Daily Reflection

Reflection - May 29, 2015


Carol Mullaney ’82
Director of Continuous Improvement
Concurrent Instructor, Mendoza College of Business


Today we read stories of Jesus acting in a way that makes us uncomfortable. He curses a seemingly innocent fig tree, and then, more dramatically, he demonstrates anger in a very physical way by overturning the tables and chairs of the money changers who were taking advantage of the poor within the temple area!

Discomfort is usually a call to examine things more deeply. What can we take away from these stories?

The fig tree, a common and important source of nourishment in the days of the Gospel, is not yielding fruit to satisfy Jesus’ hunger. Can we identify things that we look to for nourishment that may fall very short in satisfying our spiritual hunger? Do we spend too much time watching TV or scouring the internet, rather than listening to the Word of God? Are there unhealthy relationships in our lives that pull us down rather than build us up? What fig trees in our lives must we curse in order to make room for true spiritual nourishment?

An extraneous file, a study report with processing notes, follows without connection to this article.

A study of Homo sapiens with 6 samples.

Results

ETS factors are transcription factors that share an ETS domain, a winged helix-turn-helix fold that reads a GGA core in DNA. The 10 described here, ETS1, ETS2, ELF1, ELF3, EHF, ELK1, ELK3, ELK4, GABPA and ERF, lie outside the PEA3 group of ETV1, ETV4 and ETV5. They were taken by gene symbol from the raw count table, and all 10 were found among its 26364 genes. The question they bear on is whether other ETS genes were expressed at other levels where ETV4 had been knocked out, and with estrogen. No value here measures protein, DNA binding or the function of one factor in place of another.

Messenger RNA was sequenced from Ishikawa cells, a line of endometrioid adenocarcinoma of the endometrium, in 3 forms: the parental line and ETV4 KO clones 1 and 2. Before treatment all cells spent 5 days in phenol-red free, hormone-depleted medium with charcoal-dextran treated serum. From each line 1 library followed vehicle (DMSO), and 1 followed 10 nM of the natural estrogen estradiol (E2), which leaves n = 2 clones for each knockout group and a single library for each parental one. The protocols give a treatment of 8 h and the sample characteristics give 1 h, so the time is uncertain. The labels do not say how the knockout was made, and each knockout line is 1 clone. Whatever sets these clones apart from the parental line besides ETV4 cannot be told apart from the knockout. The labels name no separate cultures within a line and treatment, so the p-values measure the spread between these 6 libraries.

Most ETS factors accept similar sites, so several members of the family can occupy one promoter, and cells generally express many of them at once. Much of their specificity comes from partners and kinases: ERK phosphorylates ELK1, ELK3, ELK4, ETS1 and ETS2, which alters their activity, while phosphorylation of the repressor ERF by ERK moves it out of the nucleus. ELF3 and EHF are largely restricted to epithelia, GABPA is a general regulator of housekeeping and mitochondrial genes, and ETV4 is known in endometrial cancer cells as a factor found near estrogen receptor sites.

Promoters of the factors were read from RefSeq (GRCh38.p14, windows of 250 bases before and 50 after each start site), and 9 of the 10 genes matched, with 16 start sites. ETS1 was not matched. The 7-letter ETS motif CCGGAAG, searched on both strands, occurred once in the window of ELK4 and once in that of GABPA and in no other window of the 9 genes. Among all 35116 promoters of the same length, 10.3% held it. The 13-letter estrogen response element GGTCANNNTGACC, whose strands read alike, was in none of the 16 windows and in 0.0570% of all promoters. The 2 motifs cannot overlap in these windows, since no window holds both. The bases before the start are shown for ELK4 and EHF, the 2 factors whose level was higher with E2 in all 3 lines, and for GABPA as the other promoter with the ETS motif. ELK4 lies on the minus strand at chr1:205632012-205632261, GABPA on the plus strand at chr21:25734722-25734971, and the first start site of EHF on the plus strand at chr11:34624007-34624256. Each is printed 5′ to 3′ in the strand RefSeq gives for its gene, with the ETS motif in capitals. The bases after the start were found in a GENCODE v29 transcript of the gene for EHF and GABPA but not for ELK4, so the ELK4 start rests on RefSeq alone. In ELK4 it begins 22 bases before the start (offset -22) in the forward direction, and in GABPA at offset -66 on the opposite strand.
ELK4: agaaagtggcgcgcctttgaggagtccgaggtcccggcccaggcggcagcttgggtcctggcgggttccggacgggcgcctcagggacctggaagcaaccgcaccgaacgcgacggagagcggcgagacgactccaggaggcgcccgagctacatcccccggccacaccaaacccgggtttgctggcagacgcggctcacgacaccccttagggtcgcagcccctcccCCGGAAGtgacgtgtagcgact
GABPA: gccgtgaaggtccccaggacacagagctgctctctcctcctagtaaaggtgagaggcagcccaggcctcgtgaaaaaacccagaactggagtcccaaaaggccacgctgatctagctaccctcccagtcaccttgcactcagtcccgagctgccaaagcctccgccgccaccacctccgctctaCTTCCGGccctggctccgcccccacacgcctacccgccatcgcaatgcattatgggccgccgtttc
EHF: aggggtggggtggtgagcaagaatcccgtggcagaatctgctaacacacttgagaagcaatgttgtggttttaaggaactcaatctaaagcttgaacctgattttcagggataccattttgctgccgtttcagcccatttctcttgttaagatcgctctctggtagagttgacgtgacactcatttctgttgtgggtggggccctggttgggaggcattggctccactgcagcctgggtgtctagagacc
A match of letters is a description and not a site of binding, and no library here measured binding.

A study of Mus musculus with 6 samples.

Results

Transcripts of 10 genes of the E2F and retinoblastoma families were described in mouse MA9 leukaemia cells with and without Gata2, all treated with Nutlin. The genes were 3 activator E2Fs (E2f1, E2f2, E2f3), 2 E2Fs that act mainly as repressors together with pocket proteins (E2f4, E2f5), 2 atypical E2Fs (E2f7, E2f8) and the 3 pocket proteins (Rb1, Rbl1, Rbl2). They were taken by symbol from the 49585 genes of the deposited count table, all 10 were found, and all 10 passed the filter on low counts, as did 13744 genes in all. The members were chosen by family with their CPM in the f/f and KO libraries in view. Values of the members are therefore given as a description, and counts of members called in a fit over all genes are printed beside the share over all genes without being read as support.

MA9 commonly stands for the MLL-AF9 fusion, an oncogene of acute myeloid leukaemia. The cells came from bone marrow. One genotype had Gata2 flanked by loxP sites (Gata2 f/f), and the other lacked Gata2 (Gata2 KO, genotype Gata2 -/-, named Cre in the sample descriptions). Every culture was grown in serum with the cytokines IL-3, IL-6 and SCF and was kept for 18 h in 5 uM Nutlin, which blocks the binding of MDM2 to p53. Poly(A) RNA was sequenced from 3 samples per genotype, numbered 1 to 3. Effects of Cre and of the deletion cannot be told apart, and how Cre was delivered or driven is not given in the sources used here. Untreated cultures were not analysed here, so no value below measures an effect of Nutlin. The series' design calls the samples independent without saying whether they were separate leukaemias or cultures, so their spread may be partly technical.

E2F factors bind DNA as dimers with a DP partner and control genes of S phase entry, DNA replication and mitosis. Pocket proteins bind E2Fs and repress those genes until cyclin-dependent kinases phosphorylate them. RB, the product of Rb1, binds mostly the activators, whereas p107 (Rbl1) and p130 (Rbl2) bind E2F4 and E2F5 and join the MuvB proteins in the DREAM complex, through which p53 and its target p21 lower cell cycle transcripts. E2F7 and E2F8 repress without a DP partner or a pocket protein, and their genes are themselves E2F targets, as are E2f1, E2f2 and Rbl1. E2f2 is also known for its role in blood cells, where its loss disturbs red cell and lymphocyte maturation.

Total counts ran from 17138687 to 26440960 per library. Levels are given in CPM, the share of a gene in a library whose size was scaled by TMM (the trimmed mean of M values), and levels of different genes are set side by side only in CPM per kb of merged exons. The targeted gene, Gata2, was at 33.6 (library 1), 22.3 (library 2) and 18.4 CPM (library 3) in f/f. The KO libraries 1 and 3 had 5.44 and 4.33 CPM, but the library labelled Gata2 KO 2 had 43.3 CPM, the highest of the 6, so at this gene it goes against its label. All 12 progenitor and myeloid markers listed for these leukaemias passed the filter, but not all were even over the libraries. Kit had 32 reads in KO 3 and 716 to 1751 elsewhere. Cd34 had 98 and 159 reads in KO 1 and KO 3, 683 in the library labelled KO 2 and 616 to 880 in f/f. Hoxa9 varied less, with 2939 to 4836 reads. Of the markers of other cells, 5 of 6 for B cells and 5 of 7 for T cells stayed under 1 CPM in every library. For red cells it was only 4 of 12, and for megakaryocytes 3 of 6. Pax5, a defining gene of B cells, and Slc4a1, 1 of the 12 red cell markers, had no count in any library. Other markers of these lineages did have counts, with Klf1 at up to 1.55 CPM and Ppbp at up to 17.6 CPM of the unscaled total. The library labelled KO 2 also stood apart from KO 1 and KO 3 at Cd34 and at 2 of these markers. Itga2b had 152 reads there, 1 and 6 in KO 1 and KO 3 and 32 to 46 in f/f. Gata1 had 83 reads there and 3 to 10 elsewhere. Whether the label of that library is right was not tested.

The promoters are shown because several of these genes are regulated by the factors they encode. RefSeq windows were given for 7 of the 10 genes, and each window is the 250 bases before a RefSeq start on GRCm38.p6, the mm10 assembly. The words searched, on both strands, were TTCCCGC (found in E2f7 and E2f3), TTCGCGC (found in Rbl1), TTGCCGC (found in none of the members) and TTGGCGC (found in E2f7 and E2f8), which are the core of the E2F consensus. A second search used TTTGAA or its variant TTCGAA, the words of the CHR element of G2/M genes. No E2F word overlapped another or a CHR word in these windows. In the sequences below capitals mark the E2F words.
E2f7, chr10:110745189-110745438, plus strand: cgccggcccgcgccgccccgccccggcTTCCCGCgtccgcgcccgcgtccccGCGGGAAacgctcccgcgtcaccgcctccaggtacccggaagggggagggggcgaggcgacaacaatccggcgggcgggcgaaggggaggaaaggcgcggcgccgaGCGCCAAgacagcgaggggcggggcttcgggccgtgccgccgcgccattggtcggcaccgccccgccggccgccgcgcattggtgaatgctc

As I read again the story of Jesus overturning the tables in the temple area, I recall that each of us, comprised of body and soul, are temples of the Holy Spirit. Jesus reminds us that sacred places must be kept sacred, and must be treated with honor, reverence and respect. What obstacles do we have in viewing our bodies and souls as holy and sacred? And what actions must we take to overturn the tables to restore proper order within our own temple?

This seems like a tall order! But Mark doesn’t leave us with only these two stories in this Gospel passage. He follows with Jesus sharing powerful, beautiful and comforting words. He assures us that, if we have faith and ask for help in prayer, God will move mountains for us. Our challenge is that we must first “forgive anyone against whom you have a grievance.” By so doing, we extend a little of our own elbow grease to get those mountains moved.

Let us ask God, our “mountain mover,” to help us in removing our own barren fig trees and to provide strength and comfort as we keep sacred our individual temples.